Alabama Bill Amending Informed Consent Requirements (HB 360)

This law was last updated on Jun 10, 2014


State

Alabama

Number

HB 360

Status

Failed to Pass

Proposed

Feb 28, 2013

Topics

Forced Ultrasound, Informed Consent, Waiting Periods and Forced Counseling

Full Bill Text

alisondb.legislature.state.al.us

HB 360 would have amended the Woman’s Right to Know Act, which requires a physician to provide a woman seeking an abortion printed materials before consent to an abortion is considered voluntary and informed. It would have amended certain defined terms, including “abortion” and “medical emergency,” and would have required disclosure of additional information prior to the performance of an abortion.

Defined Terms

The bill would have amended the term “abortion” so that it reads “ABORTION. The use or prescription of any instrument, medicine, drug, or any other substance or device with the intent to kill the unborn child of a woman known to be pregnant or with the intent to prematurely terminate the pregnancy of a woman known to be pregnant.” The italicized phrase is new language.

It would have also amended the term “medical emergency” to exclude risk of psychological or emotional conditions and to exclude any conditions based on the claim or diagnosis that a woman “will engage in conduct which she intends to result in her death or in substantial and irreversible physical impairment of a major bodily function.”

Waiting Period

Existing law requires a physician to provide certain state-mandated printed materials to a woman seeking an abortion in person or by certified mail at least 24 hours before the abortion. The printed materials list agencies that offer assistance, adoption agencies, development of the “unborn child,” method and risks of abortion and childbirth, father’s obligation, and alternatives to abortion.

HB 360 would have amended existing law to require that a physician who provides that information by certified mail must do it at least 48 hours before the abortion, and that the physician must inform the woman that she has a right to review printed materials, that the materials are available on a state-sponsored website, and what that website address is. The physician would also have been required to orally inform the woman that the materials have been provided by the State of Alabama and that they describe the unborn child and list agencies which offer alternatives to abortion.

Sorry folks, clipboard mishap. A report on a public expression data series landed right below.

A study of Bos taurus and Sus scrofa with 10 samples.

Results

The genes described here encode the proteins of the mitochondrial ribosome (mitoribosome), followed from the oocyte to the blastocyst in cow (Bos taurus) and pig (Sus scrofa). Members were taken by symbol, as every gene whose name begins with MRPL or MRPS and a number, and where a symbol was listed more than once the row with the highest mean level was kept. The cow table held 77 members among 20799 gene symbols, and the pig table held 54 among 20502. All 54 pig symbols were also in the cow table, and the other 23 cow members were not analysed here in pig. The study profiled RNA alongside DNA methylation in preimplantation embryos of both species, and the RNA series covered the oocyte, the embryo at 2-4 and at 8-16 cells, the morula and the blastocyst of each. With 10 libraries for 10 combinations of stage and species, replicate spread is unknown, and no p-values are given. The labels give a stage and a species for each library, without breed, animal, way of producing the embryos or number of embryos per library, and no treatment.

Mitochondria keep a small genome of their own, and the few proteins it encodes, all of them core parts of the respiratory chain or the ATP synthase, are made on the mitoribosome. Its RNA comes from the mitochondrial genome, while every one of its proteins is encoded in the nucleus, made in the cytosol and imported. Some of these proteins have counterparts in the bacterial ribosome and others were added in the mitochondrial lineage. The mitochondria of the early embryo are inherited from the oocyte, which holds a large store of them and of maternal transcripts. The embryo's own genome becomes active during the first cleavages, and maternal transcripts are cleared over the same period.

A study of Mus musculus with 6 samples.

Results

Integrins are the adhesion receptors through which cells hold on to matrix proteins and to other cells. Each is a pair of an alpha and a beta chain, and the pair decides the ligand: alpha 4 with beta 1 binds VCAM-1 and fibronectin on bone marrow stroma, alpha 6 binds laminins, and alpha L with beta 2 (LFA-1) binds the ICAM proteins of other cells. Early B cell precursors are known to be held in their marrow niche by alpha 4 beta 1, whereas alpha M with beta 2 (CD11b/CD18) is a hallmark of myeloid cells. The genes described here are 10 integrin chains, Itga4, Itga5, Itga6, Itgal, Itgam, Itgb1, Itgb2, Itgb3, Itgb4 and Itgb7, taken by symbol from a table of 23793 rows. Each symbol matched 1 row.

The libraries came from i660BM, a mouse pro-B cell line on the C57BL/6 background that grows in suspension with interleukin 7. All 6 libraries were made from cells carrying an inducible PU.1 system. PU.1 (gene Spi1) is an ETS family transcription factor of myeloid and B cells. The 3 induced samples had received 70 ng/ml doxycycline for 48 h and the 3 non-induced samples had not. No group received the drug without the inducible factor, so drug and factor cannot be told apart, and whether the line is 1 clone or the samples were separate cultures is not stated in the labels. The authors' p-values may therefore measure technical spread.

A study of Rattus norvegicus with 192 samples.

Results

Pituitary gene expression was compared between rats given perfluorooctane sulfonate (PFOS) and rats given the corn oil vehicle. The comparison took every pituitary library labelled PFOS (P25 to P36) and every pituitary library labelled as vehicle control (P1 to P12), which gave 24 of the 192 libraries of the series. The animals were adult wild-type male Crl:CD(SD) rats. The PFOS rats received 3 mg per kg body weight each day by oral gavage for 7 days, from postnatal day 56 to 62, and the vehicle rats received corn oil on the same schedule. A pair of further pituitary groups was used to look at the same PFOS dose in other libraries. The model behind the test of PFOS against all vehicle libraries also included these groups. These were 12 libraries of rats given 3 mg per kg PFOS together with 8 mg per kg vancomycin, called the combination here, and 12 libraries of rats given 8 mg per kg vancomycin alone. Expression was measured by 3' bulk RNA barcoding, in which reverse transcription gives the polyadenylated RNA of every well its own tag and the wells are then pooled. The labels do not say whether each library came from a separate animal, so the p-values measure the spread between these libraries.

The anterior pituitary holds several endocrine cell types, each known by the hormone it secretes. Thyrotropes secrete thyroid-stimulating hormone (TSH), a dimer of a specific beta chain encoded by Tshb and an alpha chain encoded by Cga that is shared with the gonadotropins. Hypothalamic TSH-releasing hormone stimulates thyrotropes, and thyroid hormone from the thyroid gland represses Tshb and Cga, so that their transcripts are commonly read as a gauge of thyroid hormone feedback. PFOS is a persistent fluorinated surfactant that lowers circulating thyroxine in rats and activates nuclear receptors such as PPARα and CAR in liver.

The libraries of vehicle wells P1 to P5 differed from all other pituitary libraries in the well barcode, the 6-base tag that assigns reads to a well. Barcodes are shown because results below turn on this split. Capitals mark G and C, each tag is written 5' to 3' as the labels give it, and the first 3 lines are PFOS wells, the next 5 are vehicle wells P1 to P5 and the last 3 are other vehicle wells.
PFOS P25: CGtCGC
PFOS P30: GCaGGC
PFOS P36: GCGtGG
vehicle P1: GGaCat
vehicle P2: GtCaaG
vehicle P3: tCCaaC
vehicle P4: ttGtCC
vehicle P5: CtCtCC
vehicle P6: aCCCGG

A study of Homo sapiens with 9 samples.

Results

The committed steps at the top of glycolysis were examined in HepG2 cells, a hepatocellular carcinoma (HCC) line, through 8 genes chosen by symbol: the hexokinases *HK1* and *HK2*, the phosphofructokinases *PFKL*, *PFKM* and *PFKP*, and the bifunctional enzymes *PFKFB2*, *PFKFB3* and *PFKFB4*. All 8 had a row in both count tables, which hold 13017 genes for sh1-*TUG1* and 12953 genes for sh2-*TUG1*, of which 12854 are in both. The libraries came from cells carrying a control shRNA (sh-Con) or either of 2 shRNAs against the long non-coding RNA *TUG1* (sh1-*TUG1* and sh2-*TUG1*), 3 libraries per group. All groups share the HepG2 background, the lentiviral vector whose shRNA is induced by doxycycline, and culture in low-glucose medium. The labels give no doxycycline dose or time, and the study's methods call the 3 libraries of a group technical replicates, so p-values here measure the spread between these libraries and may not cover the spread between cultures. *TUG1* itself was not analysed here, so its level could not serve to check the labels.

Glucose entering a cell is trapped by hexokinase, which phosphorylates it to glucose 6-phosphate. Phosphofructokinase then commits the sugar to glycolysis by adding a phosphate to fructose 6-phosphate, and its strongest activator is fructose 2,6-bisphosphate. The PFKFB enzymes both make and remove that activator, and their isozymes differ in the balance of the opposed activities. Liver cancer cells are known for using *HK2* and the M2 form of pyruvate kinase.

Ultrasound

Existing law requires an abortion doctor to perform an ultrasound and to offer the woman an opportunity to view it. The woman is required to fill out a form stating that she either saw the ultrasound or was offered an opportunity and rejected it. This bill would have amended existing law to state that a woman seeking abortion has the right to request a list compiled by the Department of Public Health, of health care providers and facilities that offer ultrasounds, including those that offer them free of charge. The bill also would have amended the law so that a woman must fill out a form stating that she either saw the ultrasound image or “chose not to look at the displayed images.”

The bill would also have required an abortion provider, certified technician, or other agent to make the fetal heartbeat audible for the pregnant woman to hear.

Disclosure of Additional Information

The bill would have required that state-mandated printed materials include the following statement:

“The material shall include the following statements: “Your chances of getting breast cancer are affected by your pregnancy history. If you have carried a pregnancy to term as a young woman, you may be less likely to get breast cancer in the future. However, you do not get the same protective effect if your pregnancy is ended by an abortion. The risk may be higher if your first pregnancy is aborted.” and ” If you have a family history of breast cancer or clinical findings of breast disease, you should seek medical advice from your physician before deciding whether to remain pregnant or have an abortion. It is always important to tell your doctor about your complete pregnancy history.”

An increase in risk of breast cancer is not supported by medical research. In fact, a new study confirms that there is no causative link between abortion and breast cancer.

The bill also would have required the printed materials to include the following statement: “Abortion terminates the life of a whole, separate, unique, living human being.”